Caking on the makeup and slipping into rainbow bib overalls, Keenan Chalmers is his most confident self.
“People say it’s like putting on a mask — you’re still you, just bigger and more colorful,” said Chalmers, a high school freshman from Rochester, Minn., one of more than 100 people attending Clown Camp at Viterbo University this week. “My dad said I never used to talk in public before becoming a clown. Now, I’m much more comfortable with it.”
La Crosse has hosted Clown Camp since 1981 — a chance for both locals and visitors to learn the ins and outs of tying balloon animals, improvising, making a tutu, performing card tricks, miming and holding the attention of an audience.
The annual event returned in 2016 after a five-year hiatus.
“Clowning is alive and well, especially for people who love and are passionate about learning, creating and interacting with people,” said Kenny Ahern, the camp director and a longtime clown himself. “People only see the performance part of it, and that’s just the tip of the iceberg. Everything underneath that is the hard work and practice you need to put in to get to that point.”
Clowns from all over and of all skill levels are attending this week’s camp, either as teachers or students, or a combination of the two.
Naomi Shafer, executive director of Clowns Without Borders, an organization that sends clowns to perform in refugee camps and conflict zones, took a class on cane tricks Tuesday but taught a class Monday about movement and improvisation.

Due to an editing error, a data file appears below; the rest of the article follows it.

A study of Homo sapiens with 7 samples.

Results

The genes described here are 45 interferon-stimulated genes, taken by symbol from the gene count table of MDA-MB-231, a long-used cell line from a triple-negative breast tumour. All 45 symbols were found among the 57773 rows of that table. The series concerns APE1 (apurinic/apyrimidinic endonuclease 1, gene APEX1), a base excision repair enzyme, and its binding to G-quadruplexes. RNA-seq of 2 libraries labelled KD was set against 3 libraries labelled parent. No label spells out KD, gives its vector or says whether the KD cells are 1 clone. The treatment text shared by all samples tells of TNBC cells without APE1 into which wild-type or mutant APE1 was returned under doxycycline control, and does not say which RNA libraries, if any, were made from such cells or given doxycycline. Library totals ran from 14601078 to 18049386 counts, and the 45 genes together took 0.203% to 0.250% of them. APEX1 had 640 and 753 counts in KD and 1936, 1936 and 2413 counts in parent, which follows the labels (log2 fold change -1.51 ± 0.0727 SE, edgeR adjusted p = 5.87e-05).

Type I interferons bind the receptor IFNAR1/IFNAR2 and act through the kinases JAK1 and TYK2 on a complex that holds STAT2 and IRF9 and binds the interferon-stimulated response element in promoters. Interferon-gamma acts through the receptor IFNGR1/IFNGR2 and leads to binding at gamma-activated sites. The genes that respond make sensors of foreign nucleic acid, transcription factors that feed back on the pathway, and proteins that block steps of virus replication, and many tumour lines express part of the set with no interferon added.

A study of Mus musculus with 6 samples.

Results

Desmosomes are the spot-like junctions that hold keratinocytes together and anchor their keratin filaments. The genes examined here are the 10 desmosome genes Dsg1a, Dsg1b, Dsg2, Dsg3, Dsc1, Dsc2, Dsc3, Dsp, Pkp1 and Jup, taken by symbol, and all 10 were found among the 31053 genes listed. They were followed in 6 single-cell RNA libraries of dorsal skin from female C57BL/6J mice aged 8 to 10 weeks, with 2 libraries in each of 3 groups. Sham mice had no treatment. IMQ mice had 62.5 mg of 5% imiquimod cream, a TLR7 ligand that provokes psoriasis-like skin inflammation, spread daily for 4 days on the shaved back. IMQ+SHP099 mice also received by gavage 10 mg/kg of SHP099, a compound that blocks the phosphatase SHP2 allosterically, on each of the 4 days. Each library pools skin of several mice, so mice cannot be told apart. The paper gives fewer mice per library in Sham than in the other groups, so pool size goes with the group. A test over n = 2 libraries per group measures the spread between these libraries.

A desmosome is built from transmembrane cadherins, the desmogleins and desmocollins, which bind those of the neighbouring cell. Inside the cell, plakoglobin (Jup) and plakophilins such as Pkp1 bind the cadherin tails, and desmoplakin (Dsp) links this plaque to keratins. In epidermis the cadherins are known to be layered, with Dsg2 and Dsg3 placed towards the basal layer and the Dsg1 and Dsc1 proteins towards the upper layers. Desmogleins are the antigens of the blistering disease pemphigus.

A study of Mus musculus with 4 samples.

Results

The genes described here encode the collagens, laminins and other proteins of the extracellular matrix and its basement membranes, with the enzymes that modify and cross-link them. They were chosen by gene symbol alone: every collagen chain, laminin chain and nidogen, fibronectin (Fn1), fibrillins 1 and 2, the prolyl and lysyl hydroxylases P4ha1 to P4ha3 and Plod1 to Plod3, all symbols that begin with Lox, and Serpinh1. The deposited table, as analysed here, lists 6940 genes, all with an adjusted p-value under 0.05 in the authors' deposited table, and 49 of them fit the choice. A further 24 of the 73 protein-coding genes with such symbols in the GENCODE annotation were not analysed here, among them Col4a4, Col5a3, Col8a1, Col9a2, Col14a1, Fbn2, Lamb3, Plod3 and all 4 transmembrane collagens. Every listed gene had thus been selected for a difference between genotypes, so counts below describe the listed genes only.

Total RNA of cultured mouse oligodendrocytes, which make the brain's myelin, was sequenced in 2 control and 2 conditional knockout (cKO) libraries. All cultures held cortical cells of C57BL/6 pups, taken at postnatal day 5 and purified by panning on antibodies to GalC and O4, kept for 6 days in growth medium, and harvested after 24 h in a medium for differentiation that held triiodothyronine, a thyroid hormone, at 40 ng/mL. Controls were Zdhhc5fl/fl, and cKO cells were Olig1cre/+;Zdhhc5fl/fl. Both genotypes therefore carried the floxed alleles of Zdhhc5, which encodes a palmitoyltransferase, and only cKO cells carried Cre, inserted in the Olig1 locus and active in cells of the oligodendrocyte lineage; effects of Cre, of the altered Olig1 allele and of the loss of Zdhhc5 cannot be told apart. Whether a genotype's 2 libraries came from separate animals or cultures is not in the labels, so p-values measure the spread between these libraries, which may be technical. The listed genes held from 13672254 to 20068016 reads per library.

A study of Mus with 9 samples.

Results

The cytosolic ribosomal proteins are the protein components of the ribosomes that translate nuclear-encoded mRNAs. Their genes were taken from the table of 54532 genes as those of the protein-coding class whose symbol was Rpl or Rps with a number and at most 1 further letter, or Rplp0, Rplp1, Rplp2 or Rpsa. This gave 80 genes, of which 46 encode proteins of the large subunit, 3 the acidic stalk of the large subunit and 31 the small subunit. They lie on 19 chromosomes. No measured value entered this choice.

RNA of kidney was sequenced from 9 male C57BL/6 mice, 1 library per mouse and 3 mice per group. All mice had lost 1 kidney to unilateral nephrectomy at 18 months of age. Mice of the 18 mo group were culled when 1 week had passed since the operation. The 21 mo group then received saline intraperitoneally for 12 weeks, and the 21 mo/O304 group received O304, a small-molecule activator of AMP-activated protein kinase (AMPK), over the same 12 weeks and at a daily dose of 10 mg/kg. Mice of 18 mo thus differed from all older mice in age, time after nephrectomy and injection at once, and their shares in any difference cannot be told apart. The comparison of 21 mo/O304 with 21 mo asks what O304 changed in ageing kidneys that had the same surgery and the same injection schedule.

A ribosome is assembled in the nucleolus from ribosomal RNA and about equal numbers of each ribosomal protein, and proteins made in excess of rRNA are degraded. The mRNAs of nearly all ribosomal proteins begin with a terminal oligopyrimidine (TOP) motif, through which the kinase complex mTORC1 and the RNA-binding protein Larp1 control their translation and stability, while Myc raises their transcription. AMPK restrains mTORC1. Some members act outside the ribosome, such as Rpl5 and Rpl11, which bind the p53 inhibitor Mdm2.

A natural performer who had a speech impediment as a child, Shafer got into clowning after seeing a mime act and realizing she could entertain an audience without saying a word.
“Most people think of clowns as big, bold and bright,” Shafer said. “For me, it’s all about being present and vulnerable with the audience. It’s that contradiction where your goal is to have people looking at you, but it can feel so awkward.”
While some classes lean academic, like a dive into the history of clowns, others are more hands-on.
Ken and Juli Krivitz spent Tuesday morning painting and powdering their faces in a makeup basics class — Ken going with a ghost-white look, Juli going with red lips and rosy cheeks.
The couple, who drove up from Madison, got into clowning a few years ago, before they got married.
Juli was in the hospital, sick, and mentioned that she had dabbled in clowning when she was younger. Ken went home and researched the craft, obsessing over it.
Now, the couple scours thrift shops for wacky pieces of clothing, and regularly performs at parades, hospitals and nursing homes.
“If you’ve ever been to a nursing home or memory-care center, it’s like a place where the people have been forgotten,” Ken said. “When you see a clown, the nose, you just smile. Forget Alzheimer’s — they know something is about to happen.”
After a week of classes and live performances, those attending Clown Camp will leave with the ability to juggle (kind of), to bring a puppet to life and to twist some latex into a classic balloon dog.
They also leave with an awareness that these tricks are not for everyone — that some people, seemingly more than ever, are downright terrified of clowns.
“It’s like country music or any other art form — it’s subjective, and you either dig it or you don’t,” Ahern said. “It’s not our role to make everyone like clowns.”
The Krivitzes do their best to win over any holdouts they come across.
If they sense that particular person, especially a child, is afraid or hesitant around them, Ken and Juli try to act even more afraid. It helps the child feel a little bit braver, they said, and it helps to break the ice.
“If I’m afraid of them,” Juli said, “then how scary can I be?”